Customers have been abandoned in an acrimonious battle for shares that has emerged in the takeover fight between Oracle and PeopleSoft.
This is the view of AXS-One chief executive John Rade, who said that as a 40-year industry veteran, "I have never seen such negligent behaviour towards the customer [demonstrated in Oracle's unsolicited bid for PeopleSoft].
"The issue which PeopleSoft and Oracle have failed to address is the relevance of the customer in this deal. Where is the voice of the customer in all of this?" he asked.
Charging that megalomania is not good for the software industry, Rade said the outcome as to whether Oracle does buy PeopleSoft has become irrelevant.
He said the focus is on spending ridiculous amounts of money to negotiate a deal that will only benefit the vendor.
"They talk about all this warm and fuzzy stuff like being a good cultural fit. But what are they going to, do sit around, holding hands, singing Kum-Ba-Yah together?" Rade asked turning his attention to industry analysts that have given a "lack lustre assessment" of how the deal will impact customers in terms of software costs, investment lifecycles, support and whether users will be left with orphaned technology.
The best mergers, he said, are those that deliver wins for the customer creating greater innovation through more R&D.
While there are plenty of cowboy tactics at the negotiating table the one thing that is absent, Rade said, is innovation.
He said the complexity of merging the two companies will create "ludicrous scenarios" for software licensing.
"In customers' next licensing meeting, you'd see three more lawyers and five more clauses in a contract," he gibed."The message to customers will be 'We think you can't be trusted'."
He said the companies had left customers behind because of their focus on the financial might of the deal, arguing: "No where in the industry is it written that bigger is better or more innovative, and I include SAP, Microsoft, Oracle and PeopleSoft when I [think] about this trend. There's this increasing focus on size, and customers are feeling pressured to make wallpaper investments. I find that sad."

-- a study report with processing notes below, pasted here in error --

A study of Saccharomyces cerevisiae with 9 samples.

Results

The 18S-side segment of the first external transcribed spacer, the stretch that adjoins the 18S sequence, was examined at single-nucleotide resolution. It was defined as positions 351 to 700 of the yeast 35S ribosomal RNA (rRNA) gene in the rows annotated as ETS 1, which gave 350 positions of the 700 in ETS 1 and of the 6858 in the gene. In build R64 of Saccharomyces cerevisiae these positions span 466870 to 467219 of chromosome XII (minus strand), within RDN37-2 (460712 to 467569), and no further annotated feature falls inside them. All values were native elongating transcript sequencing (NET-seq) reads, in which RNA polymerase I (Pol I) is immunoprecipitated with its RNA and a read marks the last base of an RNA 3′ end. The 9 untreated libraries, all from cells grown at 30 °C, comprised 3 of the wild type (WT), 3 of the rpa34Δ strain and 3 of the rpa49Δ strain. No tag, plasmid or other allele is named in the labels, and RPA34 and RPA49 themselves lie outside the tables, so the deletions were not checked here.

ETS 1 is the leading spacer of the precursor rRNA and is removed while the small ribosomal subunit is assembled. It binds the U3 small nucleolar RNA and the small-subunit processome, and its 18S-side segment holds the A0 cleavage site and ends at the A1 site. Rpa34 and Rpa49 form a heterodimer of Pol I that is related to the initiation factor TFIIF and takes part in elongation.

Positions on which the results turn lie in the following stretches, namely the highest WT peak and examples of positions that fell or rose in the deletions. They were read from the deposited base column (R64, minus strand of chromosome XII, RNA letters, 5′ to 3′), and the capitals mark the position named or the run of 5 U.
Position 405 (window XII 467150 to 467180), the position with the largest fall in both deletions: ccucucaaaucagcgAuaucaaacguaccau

Rade said enterprise software vendors are being characterised as an industry that only cares about the bottom line, alienating customers in the process.
"I don't see companies growing by behaving like that. Watch them drive their customers away if they continue to go down this path," he said. Gartner has advised Asia-Pacific region customers not to change their plans until PeopleSoft reveals product plans and the new merged product lines.
So far PeopleSoft has not articulated those plans. Meanwhile, Oracle has tried to reassure PeopleSoft customers that it will continue developing and improving PeopleSoft's products for the next 10 years.
Also, PeopleSoft has begun promising, if it is acquired, to refund new or upgrading customers if products they bought are discontinued. The refund strategy is seen as an attempt by PeopleSoft to keep concerned users from delaying software purchases because of Oracle's hostile bid.
If Oracle's bid goes through, PeopleSoft's ERP customers in particular can expect to have to "undertake a disruptive migration at some point", Gartner warned.